Let’s first take a look at how Western medicine approaches and treats psychological disorders. In Western medicine, the brain controls the mind completely. Our emotions, thought and consciousness are from forty to fifty neurotransmitters that transmit signals from a neurone.


Core neurotransmitters are; dopamine, which makes the person feel good, norepinephrine which reacts to stress, and serotonin which controls dopamine and noradrenalin, all of which make the person feel comfortable. Psychological disorders mean those neurotransmitters are malfunctioning. Therefore, the goal of treatment is to regulate these neurotransmitters. It’s clear and simple.


However, the problem is that our brain is not simple. Modern science has not even come close to completely understanding the 100 billion neurones that are interconnected by 100 trillion synapses. Even though we do not fully understand it, we have been working with what we do know and have created medicine for psychological disorders. In some cases, the treatments work well but it also can lead to dangerous side effects.


Dependency is another problems. If essential substances are continuously provided from outside of human body, it thinks that no more production is needed. Keeping this in mind, we should not stop taking psychological all drugs at once. We need to gradually reduce the amount of drugs prescribed and give some time for the body to work by itself. Again, it is not as simple as it might sound. One click on the internet and we can find an overflow of people who suffer from the side effects of psychological drugs.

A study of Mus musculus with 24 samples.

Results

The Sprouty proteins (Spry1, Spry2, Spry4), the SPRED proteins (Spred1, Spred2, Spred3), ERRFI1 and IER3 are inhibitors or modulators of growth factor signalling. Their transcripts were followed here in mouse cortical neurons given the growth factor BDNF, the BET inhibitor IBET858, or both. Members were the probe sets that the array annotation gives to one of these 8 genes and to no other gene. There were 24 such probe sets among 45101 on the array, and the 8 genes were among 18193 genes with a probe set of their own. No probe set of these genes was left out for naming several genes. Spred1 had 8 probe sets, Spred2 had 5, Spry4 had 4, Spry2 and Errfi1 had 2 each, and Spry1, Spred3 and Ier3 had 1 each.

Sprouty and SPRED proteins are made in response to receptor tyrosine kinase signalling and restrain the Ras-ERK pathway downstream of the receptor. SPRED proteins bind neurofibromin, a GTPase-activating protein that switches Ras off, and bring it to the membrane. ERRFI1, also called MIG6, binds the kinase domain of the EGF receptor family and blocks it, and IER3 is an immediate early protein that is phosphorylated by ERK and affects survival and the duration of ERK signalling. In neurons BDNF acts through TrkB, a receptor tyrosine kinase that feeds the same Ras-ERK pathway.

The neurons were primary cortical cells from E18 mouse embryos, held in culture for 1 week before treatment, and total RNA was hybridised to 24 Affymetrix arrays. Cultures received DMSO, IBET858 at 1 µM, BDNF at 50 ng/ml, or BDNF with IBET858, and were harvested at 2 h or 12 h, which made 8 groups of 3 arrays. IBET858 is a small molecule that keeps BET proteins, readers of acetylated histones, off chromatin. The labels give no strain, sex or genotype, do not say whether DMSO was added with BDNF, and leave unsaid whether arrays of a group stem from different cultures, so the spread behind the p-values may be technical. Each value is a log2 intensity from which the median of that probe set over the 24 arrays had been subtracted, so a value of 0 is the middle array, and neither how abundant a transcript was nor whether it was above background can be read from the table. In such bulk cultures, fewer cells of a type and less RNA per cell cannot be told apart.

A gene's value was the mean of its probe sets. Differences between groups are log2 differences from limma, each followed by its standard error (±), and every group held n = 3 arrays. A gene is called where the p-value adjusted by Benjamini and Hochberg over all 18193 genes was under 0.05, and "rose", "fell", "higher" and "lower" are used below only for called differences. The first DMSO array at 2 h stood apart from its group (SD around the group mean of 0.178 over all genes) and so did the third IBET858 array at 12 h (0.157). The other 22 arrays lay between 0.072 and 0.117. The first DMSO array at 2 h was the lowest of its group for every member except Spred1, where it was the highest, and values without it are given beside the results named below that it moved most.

How has Eastern medicine been treating psychological disorders? For the last several centuries, people living in the East or West did not know about neurones or neurotransmitters either. I hope you do not think there were no treatments in the east. You can find many clinical cases in classic Eastern medicine texts and books.


Throughout the history of Eastern medicine there have been several approaches. I would like to start with my favourite method. Like Eastern philosophy, Eastern medicine is more focused on the whole issue not just part of it to understand the world.


To diagnosis depression in a patient with Eastern medicine, I consider not only his/her psychological status but also physical symptoms like, sensitivity to hot and cold, frequency of urination/bowel movement, digestion, and how often one sweats. There are always supplementary symptoms; especially individual physical symptoms that distinguish between specific psychological disorders.

For instance, there is a patient that suffers from depression and he/she easily feels cold. Treating symptom of feeling cold will result in relieving depression. Patients that suffer from anxiety usually complain about nausea at the same time. Interestingly, treating nausea can also diminish anxiety. Lots of patients with psychological disorders also complain about frequent urination. Treating frequent urination can also help in regulating the mind.


Instead of attempting to treat the brain itself directly, eastern medicine tries to regulate the whole body to change the brains function for treating each psychological problem. Different approaches to the human body show different ways of treatment. Ways that can be safer and nonaggressive. In addition, it’s not addictive.